In Taiwan, smartphones are a dog's best friend

By , IDG News Service |  Personal Tech, smartphones, SPCA

It takes about an hour to lure the stray dog into a steel cage with food. During that time, Sean McCormack, a co-founder of the Society for Prevention of Cruelty to Animals in Taiwan, sits taking pictures and video with his HTC smartphone.

The dog's leg is bleeding from a wire trap set by a farmer in this small mountain town north of Taipei. McCormack plans to take the dog to a local animal hospital for treatment as soon as it's safely in the cage.

A worker at a local temple says the wire traps don't always injure the dogs, and that it's the farmer that does the most damage. "I saw him," says the worker. "He just walked right over with a big knife and [chopped] the dog's leg off to get it out of the trap." He shudders, making a chopping motion. "It was terrible."

McCormack is recording the testimony, making a video as the man talks. "This is evidence. We can use this when we go to the authorities," he says.

In Taiwan, where a problem with stray dogs has reached epic proportions, rescue workers at the SPCA have turned to smartphones to help them do their jobs. Besides collecting video testimony, they are used to show dogs to potential adopters or to let donors see how their money is being put to use.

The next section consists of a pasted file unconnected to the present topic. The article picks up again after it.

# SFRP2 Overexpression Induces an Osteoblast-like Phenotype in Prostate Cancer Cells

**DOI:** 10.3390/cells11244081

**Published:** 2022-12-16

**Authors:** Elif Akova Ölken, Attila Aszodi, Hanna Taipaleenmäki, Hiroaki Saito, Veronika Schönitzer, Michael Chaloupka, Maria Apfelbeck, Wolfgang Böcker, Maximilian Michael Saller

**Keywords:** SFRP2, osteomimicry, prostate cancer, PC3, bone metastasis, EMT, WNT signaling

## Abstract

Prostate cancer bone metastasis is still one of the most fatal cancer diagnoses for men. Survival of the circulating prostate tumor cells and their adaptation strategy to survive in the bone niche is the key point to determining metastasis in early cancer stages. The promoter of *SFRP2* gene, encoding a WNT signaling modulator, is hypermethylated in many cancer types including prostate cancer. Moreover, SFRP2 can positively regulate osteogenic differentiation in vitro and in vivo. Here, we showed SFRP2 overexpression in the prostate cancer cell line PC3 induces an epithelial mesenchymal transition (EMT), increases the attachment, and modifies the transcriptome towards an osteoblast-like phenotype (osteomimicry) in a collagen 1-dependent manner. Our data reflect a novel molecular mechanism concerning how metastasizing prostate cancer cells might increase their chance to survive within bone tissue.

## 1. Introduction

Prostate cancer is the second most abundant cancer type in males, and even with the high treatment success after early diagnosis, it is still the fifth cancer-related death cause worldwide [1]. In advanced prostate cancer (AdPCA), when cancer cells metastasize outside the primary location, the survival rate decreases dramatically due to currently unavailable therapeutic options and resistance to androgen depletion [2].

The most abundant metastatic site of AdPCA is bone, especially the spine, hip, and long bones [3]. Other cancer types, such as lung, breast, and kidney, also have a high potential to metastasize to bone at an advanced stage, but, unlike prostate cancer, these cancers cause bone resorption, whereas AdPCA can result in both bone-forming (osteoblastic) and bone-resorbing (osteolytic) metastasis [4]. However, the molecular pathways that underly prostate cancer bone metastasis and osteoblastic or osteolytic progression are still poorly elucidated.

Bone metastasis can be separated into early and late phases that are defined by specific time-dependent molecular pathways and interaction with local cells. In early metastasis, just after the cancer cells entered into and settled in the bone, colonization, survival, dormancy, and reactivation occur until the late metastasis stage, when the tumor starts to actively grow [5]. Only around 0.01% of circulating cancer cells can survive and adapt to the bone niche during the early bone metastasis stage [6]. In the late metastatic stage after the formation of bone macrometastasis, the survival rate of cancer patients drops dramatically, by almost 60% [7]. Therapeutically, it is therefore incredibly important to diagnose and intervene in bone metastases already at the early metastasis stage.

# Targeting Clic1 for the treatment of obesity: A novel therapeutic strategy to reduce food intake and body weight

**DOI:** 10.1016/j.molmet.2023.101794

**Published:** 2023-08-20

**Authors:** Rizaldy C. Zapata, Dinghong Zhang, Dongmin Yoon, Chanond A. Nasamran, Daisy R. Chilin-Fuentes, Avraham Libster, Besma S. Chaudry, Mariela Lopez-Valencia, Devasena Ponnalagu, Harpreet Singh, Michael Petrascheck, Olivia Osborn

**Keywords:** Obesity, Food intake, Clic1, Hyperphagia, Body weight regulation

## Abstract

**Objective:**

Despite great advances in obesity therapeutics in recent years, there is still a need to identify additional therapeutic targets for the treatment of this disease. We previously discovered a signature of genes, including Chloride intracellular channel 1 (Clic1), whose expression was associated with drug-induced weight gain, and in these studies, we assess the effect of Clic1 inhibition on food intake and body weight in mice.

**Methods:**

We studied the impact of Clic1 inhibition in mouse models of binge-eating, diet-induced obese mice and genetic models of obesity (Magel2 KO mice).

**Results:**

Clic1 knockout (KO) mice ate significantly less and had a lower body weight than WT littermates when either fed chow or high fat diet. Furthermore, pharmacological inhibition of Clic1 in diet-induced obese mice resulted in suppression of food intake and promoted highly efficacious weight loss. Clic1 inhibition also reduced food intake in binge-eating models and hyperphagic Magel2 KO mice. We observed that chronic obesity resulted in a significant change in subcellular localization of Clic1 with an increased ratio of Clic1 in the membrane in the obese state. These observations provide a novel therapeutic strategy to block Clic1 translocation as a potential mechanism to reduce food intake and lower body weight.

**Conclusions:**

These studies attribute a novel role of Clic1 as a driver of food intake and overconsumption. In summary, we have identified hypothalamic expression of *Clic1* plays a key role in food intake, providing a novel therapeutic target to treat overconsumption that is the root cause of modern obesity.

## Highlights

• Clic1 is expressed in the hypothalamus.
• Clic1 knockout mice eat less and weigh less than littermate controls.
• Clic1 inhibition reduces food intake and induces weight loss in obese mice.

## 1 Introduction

They also use smartphones to update their websites, read e-mails and check for rescue requests on their Facebook page. And the handsets lead them to remote rescues via GPS and Google Maps

Once, they fixed a flashlight to a smartphone and lowered it into an air duct to find a lost kitten, using video to see where it was. An echo in the pipe made it sound like the kitten was close by but it was actually two floors down. Without the video they might have wasted hours tearing up the pipe.

"This is our Swiss Army Knife, it does so much for us. I don't know what we'd do without them," says McCormack.

He has worked with animal groups in Taiwan for over a decade, arriving on the island when a boom in pet ownership led to an explosion in the street animal population. Puppies and kittens that looked cute in night markets and pet stores ended up dumped on the street. Strays became so prevalent that, in a twist, Taiwanese people -- always eager to put a positive spin on a bad situation -- started to say that stepping in dog poop was "lucky." And people were getting lucky everywhere.